Lawrence Cann is the president and founder of Street Soccer USA, whose purpose is to strengthen communities of disadvantaged adults and youth in urban areas by introducing them to, and facilitating, a love for the game of soccer. Cann experienced the importance of community support when, as a 9-year-old with four siblings, his family’s house burned down. Later volunteering at homeless shelters and soup kitchens, Cann, who played Division I college ball at Davidson, came up with idea of creating soccer opportunities for under-served populations, including homeless families. His brother, Rob Cann, who played soccer at East Carolina, is National Program Director. Street Soccer USA operates in 16 locations across the country and hopes to expand its youth programs, which are currently in three major cities. The Street Soccer USA Cup series takes place July 12 in New York City’s Times Square and Aug. 14-16 at San Francisco’s Civic Center.
SOCCER AMERICA: How and when did you fall in love with soccer as a kid?
LAWRENCE CANN: I would say the 1990 World Cup when I was 12. Seeing all these different countries that were involved and realizing what kind of a big, global, thing it was just captured my imagination. I remember that really vividly. It totally captivated me.
SA: What is it about soccer that is so good at erasing stigma for disadvantaged youth?
LAWRENCE CANN: I think soccer is a truly democratic sport. Everybody is a quarterback when you have the ball. There are very few barriers to soccer. It’s just very easy to play in every format… It’s the only sport that provides a global connection.
SA: What does street soccer emphasize in the youth programs vs. the adult programs?
LAWRENCE CANN: Yeah, basically, the adult programs are focused on immediate outcomes: employment and getting back to school. And for the kids, it’s more about improved health and graduation rates. The real impact you want to have is 5 or 10 years down the line.
SA: Do you track your youth programs to collect statistics on graduation rates?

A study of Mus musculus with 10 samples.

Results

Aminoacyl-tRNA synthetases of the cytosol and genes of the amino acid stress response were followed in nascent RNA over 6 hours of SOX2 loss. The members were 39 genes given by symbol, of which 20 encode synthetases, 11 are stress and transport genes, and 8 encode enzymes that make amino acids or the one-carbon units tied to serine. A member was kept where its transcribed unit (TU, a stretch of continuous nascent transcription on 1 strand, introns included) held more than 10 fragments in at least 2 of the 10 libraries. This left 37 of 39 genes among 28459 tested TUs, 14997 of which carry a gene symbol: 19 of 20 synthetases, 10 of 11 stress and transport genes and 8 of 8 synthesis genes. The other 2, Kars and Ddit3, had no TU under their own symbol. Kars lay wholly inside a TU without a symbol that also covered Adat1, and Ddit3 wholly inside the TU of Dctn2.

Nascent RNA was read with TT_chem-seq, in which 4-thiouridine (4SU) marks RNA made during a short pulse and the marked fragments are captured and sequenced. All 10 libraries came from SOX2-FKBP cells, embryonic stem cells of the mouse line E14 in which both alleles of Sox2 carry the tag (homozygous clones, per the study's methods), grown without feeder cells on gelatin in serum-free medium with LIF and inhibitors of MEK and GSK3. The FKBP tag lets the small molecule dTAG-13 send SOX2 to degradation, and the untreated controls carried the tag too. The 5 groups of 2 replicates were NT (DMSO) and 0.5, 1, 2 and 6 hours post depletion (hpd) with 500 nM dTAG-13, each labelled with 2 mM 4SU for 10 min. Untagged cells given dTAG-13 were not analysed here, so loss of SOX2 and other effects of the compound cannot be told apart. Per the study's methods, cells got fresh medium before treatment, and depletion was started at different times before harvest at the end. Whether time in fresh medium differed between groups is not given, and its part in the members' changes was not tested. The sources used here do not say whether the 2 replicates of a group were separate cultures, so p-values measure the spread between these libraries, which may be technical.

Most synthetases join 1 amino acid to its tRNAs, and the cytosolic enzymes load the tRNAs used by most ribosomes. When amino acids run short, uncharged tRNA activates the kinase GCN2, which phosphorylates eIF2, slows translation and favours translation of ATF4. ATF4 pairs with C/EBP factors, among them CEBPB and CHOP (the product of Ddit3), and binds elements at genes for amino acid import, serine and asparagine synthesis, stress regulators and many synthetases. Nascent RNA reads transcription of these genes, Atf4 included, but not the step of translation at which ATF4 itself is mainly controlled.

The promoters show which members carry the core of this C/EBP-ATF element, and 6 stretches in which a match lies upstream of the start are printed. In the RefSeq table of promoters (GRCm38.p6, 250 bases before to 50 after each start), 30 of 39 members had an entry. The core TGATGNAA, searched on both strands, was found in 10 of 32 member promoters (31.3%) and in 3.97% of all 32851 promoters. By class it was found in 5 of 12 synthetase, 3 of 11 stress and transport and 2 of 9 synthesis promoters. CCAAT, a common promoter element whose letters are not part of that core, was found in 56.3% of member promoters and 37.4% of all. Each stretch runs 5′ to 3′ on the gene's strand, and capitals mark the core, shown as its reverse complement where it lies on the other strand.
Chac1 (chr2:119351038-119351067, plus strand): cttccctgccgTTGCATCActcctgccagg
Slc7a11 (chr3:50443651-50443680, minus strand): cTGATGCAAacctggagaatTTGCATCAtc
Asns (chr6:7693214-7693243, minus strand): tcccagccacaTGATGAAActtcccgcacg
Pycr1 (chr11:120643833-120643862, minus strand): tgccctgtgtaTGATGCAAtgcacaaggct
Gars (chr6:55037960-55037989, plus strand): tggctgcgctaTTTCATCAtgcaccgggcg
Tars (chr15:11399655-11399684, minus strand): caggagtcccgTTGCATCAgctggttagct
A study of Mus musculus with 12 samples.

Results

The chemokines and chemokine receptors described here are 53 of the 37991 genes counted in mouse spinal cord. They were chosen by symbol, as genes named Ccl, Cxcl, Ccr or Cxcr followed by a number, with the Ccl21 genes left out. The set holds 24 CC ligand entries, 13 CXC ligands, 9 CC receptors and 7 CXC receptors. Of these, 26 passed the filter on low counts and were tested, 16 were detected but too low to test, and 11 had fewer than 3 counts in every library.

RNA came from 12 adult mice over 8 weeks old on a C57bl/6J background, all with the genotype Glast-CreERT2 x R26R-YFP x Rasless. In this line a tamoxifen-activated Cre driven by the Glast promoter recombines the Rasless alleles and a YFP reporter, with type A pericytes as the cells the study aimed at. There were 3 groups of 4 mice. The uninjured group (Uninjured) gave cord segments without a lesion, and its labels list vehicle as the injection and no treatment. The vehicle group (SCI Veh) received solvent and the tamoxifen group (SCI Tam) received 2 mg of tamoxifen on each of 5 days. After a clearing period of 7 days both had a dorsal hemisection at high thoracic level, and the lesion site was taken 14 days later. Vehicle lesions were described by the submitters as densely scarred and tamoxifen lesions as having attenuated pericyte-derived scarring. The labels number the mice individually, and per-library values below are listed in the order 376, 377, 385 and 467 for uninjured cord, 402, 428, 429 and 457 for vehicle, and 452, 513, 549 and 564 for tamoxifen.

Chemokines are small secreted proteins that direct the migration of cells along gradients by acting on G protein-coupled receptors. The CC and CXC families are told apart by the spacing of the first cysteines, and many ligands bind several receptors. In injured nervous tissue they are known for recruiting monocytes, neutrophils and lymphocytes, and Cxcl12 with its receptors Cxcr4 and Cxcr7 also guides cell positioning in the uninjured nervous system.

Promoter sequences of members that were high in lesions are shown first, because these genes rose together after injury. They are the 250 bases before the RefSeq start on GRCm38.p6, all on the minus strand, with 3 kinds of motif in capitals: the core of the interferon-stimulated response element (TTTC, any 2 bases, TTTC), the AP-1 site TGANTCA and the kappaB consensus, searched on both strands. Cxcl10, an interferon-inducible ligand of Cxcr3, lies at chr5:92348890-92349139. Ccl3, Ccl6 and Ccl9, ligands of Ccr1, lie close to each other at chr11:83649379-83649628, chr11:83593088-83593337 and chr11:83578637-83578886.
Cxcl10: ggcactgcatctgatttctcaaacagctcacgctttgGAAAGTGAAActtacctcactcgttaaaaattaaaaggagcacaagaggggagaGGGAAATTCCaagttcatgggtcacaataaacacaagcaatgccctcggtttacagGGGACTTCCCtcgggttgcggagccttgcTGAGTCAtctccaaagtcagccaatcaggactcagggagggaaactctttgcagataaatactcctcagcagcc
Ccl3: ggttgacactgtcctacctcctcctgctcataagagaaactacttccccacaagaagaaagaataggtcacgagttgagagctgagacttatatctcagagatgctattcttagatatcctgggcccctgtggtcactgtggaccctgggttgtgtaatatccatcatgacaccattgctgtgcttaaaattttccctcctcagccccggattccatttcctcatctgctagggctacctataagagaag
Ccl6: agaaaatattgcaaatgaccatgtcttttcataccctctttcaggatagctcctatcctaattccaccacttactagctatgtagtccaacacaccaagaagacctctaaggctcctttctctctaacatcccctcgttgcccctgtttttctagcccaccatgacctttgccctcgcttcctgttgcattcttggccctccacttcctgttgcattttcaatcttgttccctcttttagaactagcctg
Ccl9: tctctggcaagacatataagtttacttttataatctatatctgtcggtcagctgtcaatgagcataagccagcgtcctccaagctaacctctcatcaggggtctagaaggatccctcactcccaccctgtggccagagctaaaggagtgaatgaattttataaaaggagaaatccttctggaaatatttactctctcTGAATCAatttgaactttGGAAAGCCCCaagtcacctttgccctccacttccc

LAWRENCE CANN: Graduating is the impact goal. Our oldest group is turning 14. We can track their attendance, their grades, and whether they advance to the next level. We can do that for a small percentage of our kids.
Take our program in Brooklyn, where a third of the kids are in the shelter; they’re transient every 6 to 12 months. The numbers that we have for the kids are outcomes that we can report on and 92% of them have positive outcomes. Their health is better, their emotional self-regulation is better, their self-efficacy is better and their social network has increased as well as their ability to trust others. At the end of the day those are soft outcomes, but we’re on the right track.
Street Soccer USA transformed an East New York Brooklyn dumpster lot into a soccer field.
SA: How competitive is the play?
LAWRENCE CANN: Competitiveness is good and motivates people but it isn’t the purpose and it’s not the rewards structure of the system. We try to build trust so we can challenge people and give them a hard time, essentially, based on that trust. I’m giving you a complicated answer to the question.
Is it competitive? It varies. There are some good kids and there are some that aren’t great, but that isn’t the point. The point is mastery and sticking with it: perseverance.
Hopefully, some of the kids will develop and become great soccer players and we can connect them to other appropriate leagues -- but our mission is not to develop great competitive teams. …
[American youth soccer] is a pay-to-play model, that’s what it is. That excludes a lot of lower-income people. That model is not going to develop soccer in the neighborhoods that we’re working in.
For more on Street Soccer USA, and its USA Cup series in Times Square July 12 and in San Francisco Aug 14-16, go to streetsoccerusa.org or follow Street Soccer USA on Twitter (@StreetSoccerUSA) and Facebook.